The two finalists for the 2021 OJA/Gather Award in Engaged Journalism in the Micro/Small Newsrooms category, including El Tímpano and The Marshall Project, offer lessons learned from their community-engagement projects.
Up the Block aims to gather resources on gun violence on a single website for Philadelphians to use and connect people with information on recovering from shootings, keeping young people safe, and holding local leaders accountable.
The Latino Listening Project aims to fill potential gaps in education coverage and examine education inequities in the state’s school system based on Latino students’ unique experiences and their families.
The reporters at Block Club Chicago spent endless weeks covering COVID-19 stories and answering an influx of questions sent to the newsroom by worried readers, many of which had already been covered in their previous news stories.
In hopes of giving people a space to pose questions about local environmental issues, the team launched Ask Planet Detroit. They wanted to bridge the gap between the segregated cities and suburbs of Detroit under the common goal of understanding environmental issues.
Documented engages with its sources through a mobile app called WhatsApp. Users are able ask questions and raise concerns and can get professional answers quickly.
The Marshall Project’s NewsInside, a print publication distributed in prisons and jails, is a collection of TMP’s journalism that relates directly to incarcerated lives.
Important Stories (iStories) share their knowledge, techniques, skills, code and the apps we use for stories. For Russian-speaking journalists.
In 2015 the business website 24/7 Wall St. released a report that ranked Peoria, Illinois, as one of the 10 worst cities to live in for African Americans in the United States. Following the report, the Journal Star newsroom of Peoria launched City of Disparity, a year-long reporting project that examined the city’s disparities.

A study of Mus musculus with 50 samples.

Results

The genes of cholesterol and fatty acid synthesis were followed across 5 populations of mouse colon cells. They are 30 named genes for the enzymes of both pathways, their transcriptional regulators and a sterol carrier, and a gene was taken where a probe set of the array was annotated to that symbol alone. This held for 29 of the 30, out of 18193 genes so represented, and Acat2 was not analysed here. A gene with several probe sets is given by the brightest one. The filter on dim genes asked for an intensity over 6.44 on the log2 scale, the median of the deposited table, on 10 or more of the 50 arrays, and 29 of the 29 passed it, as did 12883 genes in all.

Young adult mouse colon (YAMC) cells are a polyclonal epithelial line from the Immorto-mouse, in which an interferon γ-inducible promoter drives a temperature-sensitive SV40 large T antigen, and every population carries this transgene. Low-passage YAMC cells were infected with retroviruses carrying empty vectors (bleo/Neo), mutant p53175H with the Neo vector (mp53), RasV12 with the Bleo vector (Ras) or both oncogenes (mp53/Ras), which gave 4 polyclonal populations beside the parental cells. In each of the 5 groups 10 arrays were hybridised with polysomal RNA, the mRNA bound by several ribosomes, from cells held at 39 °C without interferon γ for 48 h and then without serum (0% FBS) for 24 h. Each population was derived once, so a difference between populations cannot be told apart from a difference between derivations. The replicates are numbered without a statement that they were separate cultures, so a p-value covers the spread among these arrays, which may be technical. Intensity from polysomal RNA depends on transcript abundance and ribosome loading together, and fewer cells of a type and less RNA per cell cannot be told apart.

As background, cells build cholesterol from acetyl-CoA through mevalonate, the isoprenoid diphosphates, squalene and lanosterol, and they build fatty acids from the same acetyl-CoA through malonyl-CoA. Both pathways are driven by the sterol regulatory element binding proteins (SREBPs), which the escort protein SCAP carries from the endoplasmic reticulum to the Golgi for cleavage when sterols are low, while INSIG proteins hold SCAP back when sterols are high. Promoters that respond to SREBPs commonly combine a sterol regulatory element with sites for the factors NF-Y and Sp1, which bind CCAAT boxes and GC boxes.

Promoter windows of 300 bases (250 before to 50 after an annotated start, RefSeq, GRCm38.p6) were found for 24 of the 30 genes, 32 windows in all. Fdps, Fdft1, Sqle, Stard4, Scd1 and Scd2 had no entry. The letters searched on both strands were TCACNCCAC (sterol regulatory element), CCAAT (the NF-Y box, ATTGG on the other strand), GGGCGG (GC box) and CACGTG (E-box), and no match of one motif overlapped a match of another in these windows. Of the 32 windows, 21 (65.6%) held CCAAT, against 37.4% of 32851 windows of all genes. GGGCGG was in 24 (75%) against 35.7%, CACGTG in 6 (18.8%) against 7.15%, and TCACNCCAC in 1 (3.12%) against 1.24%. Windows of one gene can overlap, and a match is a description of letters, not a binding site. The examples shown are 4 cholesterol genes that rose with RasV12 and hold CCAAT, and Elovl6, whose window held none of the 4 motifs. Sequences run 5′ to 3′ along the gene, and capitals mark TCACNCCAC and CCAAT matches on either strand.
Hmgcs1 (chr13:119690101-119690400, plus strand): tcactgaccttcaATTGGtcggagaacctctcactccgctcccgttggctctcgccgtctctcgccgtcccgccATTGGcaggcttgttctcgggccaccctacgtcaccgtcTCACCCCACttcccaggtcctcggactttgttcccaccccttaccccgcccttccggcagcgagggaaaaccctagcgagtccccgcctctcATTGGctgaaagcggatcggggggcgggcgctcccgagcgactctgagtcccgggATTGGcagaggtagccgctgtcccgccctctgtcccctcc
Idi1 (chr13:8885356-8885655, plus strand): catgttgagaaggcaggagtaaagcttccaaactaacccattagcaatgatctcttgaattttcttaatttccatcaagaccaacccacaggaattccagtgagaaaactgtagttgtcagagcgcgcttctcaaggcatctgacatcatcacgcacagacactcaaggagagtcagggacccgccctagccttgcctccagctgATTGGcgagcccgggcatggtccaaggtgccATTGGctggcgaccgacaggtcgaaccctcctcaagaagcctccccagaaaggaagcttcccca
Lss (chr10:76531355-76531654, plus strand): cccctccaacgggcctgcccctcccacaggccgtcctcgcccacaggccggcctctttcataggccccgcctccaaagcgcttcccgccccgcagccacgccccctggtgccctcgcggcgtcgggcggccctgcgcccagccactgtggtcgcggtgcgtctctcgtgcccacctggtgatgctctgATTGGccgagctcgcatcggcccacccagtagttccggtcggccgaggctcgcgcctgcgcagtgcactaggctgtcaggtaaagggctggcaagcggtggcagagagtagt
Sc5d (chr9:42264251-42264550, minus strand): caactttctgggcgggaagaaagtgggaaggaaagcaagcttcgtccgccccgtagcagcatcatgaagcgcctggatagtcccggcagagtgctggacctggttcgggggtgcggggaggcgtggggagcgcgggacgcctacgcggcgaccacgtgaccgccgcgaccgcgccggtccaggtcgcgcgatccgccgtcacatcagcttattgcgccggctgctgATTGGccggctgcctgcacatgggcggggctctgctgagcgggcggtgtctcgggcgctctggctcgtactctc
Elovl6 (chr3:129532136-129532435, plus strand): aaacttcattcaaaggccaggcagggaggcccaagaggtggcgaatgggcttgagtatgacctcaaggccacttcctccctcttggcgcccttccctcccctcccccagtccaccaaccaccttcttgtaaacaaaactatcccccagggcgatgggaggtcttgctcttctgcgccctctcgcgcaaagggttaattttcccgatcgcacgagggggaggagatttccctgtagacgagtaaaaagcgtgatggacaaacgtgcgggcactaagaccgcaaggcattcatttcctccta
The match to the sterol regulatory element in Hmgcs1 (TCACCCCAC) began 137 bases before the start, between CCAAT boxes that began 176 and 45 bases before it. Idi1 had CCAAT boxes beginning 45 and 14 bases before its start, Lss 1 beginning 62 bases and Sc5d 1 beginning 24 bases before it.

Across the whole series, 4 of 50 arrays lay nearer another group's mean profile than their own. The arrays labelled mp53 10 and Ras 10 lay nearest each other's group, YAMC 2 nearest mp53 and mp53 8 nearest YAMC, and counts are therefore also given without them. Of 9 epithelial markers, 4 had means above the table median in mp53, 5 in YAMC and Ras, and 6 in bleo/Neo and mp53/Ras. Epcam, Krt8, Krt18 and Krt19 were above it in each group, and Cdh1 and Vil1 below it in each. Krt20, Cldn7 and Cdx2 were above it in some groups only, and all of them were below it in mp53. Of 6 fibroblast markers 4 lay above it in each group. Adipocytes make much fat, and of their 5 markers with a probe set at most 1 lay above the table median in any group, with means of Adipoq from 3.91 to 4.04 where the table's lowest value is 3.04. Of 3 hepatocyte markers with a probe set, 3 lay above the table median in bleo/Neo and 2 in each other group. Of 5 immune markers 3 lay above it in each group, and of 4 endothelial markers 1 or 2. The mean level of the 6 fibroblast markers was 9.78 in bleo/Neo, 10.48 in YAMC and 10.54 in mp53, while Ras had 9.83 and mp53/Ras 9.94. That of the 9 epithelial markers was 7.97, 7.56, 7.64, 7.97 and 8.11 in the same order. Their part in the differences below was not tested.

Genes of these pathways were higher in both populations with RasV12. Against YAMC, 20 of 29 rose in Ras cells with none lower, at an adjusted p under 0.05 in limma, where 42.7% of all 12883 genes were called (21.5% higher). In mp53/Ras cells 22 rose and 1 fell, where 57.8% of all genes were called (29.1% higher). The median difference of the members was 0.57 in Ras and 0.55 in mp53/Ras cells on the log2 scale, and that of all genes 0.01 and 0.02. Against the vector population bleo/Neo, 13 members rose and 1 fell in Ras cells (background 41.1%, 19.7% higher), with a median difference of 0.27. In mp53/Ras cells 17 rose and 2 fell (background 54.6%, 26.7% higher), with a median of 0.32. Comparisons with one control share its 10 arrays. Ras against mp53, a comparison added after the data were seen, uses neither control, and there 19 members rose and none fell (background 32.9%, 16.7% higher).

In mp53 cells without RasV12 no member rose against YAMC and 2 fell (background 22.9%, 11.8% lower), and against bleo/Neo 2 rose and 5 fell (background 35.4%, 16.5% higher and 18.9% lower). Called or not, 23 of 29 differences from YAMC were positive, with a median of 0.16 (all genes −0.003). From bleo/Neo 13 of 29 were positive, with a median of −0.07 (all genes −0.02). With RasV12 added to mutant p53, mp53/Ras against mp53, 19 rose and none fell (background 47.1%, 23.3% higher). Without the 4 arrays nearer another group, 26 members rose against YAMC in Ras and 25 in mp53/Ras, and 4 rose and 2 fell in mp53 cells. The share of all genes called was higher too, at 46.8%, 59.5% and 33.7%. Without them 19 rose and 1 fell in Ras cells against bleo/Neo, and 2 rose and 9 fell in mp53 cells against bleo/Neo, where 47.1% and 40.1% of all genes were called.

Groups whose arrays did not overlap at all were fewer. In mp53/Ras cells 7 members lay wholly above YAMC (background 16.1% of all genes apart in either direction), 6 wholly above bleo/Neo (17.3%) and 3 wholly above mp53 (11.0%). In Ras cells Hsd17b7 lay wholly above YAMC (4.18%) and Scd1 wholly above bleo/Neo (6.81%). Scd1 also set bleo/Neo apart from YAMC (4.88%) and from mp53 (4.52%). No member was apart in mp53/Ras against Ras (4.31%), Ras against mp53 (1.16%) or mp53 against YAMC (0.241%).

How do local communities define themselves? How do news outlets define their audiences? And how do journalists know what’s important to their audiences and what niche they can fill? A recent report is a useful jumping off point for discussion of those questions. Join Amy Schmitz Weiss of San Diego State University, Jesse Hardman of the Listening Post Collective, and Madeleine Bair of El Timpano to continue the conversation.
In order to take a different route in covering climate change and agriculture, MPR News, the news service of Minnesota Public Radio, launched Feeding the Future, an engagement journalism project set on informing its audience members and identifying solutions to a rapidly changing climate.
The Off/Page Project, a collaboration between the Center for Investigative Reporting (CIR) and Youth Speaks, combines investigative reporting and youth poetry. Journalists from CIR share details of their investigations with youth storytellers and collaborate to write poetry that is both profound performance art and factually accurate reporting. The resulting poetry is then performed publicly, either in-person or through multimedia packages. Learn more about this project from Mashable and Youth Radio.